Through her major in Water Management, Dimakatso Manzini hopes to contribute to those solutions
‘I always wanted to study something in Water Management. Water is my passion and I have made a decision to remain in the water sector so this came at the right time for me. I am going to learn new and relevant techniques to address water related issues we have.’
South African Dimakatso Manzini is a 35-year old single mother to two “most beautiful kids” (an 11-year old son and 6-year old daughter) who is one of the two (first ever!) students awarded the MA-CoFin scholarship through EP-Nuffic. She started her MBA with a Major in Water Management in September this year.
“My career started in 2002, when I was working for PriceWaterhouseCoopers as an Internal Auditor. I grew in that position and became the Senior Internal Auditor. I then joined SAB&T in 2006 as the Internal Audit Manager. In 2008, I was given an opportunity to establish the Internal Audit Unit in Sekhukhune District Municipality, where I was Chief Audit Executive until August 2009, when I had to come back to Polokwane and joined Lepelle Northern Water as the Chief Audit Executive” mentions Dimakatso.
To-date, I am still in this position. I continued assisting Sekhukhune District Municipality as I served there as their Audit Committee member and also as the Risk Management Chairperson. I am also qualified as a Certified Internal Auditor (CIA) and a Certified Government Audit Professional (CGAP).
You are one of the two (first ever!) students awarded the MA-CoFin scholarship through EP-Nuffic. How does that make you feel?
‘‘I couldn’t believe it when I first received the news. I feel so grateful and humbled. It’s a once in a lifetime opportunity. This inspires me every day to do more on my quest for being a better person, a better leader and contribute to the solutions that we need in our country with regard to water issues.’’
How important is it to share and promote knowledge and awareness of water management in South Africa, Sub-Saharan countries and the rest of the world?
“It’s extremely important! Water resources have no boundaries and how they are managed in one country affect the country below. There is never enough water, and unless stringent water conservation measures are put in place, South Africa and other Sub-Saharan countries can run dry. South Africa is one of the 30 countries identified as ‘water stressed’ and requires that water demand management strategies should be prioritised and funded.”
What is the biggest challenge South Africa faces currently in the context of water management?
“There are a few:
- Ageing infrastructure that leads to high water losses. The old town asbestos pipelines are still in use, which besides being old, pose a health risk to people;
- South Africa is a semi-arid region that is characterised by the unbalanced rain patterns that are skewed to drought meaning that the country cannot afford – see the aforementioned point;
- Deterioration of the raw water quality due to pollution leading to high treatment costs which has a negative impact to the communities as a result of high tariffs;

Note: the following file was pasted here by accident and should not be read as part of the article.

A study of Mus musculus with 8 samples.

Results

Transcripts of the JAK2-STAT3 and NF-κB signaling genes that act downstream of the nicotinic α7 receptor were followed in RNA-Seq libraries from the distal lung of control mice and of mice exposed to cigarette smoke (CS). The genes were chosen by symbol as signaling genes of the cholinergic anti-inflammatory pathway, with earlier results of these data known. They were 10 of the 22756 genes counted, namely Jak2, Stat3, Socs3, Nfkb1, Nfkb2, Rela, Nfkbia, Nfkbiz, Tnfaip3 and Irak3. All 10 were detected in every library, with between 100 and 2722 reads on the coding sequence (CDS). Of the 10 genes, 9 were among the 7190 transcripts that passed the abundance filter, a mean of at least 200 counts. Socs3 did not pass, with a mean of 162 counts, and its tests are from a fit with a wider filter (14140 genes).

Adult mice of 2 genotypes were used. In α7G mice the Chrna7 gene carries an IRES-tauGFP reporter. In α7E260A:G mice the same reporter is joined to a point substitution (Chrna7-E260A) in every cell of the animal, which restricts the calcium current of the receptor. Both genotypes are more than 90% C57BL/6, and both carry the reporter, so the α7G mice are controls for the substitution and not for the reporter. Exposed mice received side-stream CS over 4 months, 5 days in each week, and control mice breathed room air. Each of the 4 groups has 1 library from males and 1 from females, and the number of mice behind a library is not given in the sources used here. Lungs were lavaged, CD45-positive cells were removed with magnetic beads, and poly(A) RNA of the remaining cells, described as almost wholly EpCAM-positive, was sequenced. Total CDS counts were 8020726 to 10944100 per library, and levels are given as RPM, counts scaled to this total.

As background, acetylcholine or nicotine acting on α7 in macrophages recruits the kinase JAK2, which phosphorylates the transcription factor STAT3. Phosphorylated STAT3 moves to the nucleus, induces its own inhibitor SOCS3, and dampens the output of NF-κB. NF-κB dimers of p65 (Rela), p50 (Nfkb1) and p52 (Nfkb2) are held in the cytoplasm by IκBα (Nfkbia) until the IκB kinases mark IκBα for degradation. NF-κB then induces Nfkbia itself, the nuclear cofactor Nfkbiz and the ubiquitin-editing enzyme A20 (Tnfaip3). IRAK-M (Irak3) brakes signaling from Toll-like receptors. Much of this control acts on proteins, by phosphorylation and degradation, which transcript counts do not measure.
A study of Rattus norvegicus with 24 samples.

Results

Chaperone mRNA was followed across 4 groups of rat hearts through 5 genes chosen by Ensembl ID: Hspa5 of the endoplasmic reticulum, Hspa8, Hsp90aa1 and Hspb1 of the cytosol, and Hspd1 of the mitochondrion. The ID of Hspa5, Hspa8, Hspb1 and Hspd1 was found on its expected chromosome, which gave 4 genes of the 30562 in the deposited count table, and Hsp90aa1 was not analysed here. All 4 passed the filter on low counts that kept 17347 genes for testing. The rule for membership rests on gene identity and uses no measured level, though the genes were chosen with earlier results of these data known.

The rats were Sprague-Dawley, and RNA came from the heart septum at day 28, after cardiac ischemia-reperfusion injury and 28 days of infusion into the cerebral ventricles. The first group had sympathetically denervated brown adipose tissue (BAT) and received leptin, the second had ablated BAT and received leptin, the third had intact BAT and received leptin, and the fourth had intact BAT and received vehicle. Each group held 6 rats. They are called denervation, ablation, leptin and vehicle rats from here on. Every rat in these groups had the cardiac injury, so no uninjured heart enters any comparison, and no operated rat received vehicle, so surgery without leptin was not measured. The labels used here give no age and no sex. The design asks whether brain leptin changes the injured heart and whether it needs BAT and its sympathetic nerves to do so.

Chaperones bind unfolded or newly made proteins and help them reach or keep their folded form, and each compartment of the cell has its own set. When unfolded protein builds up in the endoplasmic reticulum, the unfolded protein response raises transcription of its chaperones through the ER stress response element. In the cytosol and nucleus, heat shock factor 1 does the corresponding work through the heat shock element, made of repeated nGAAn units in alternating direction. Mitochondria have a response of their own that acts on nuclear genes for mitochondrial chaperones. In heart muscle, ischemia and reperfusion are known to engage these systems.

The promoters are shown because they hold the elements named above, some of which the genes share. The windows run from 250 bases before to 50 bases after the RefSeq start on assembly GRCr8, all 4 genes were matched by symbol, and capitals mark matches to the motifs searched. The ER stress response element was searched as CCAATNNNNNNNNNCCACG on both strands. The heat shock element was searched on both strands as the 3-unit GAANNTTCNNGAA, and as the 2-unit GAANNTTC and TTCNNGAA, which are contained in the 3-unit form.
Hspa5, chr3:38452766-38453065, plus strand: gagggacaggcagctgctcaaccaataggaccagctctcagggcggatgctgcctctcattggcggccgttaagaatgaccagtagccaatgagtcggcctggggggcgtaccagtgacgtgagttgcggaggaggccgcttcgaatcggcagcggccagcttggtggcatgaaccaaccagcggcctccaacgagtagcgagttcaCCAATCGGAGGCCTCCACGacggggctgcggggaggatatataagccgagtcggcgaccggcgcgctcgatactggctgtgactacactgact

- Inadequate technical skills in the water sector and its competition with the mining industries when it comes to artisans and engineers;
- Non- payment of services by customers;
- Low rainfall/ High temperatures resulting in high evaporation.
What does your company Lepelle Northern Water focus on?
“Lepelle Northern Water (LNW) is a Water Board created through Water Services Act No. 108 of 1997 with primary mandate of providing bulk water services to other institutions such as municipalities and industries. We operate in the Limpopo Province, which is mostly a rural area. We have gained knowledge in providing rural-based customers and urban customers with sustainable water services. Moreover, LNW has concluded bulk water services contracts with municipalities having status of being Water Services Authorities.”
What do you and LNW hope to achieve in order to face current day challenges?
“LNW plans to cover the whole area with sustainable water supply and also has plans to use alternative water sources such as ground/borehole water since the surface water is not enough. We want to work closely with municipalities to make plans with them to unlock development. Since there is severe drought in South Africa, through this programme, I wish to learn how other countries are handling this, so I can contribute to plans that need to be developed in South Africa.”
How do you find the MBA programme so far?
“It is both exciting and challenging at the same time. One needs to really be self-disciplined as there is a lot of self-study and time frames are quite tight. However, I must say that the programme is offering more than I expected.”
What has been the greatest insight so far?
“Action Learning! I was only familiar with two learning approaches: Knowledge Acquisition and Applied Learning. Never was I exposed to the Action Learning approach before and it seems to be the best of them all.”
Which skills do you hope to improve during the programme?
“There are many, for instance new management skills and techniques; strategic thinking and critical analysis skills, soft skills, personal growth and to be able to expand my professional network. Also, I would like to gain a holistic view of management and business in the water industry, next to, of course, enhancing my skills in water management.”
What do you look forward to most?
“To meeting and learning from candidates from other regions, countries and companies. I believe this will help sharpen my global vision and my ability to bring fresh, new perspectives to my workplace.”
For more information on our Action Learning MBA and Management Programmes, send an email to firstname.lastname@example.org.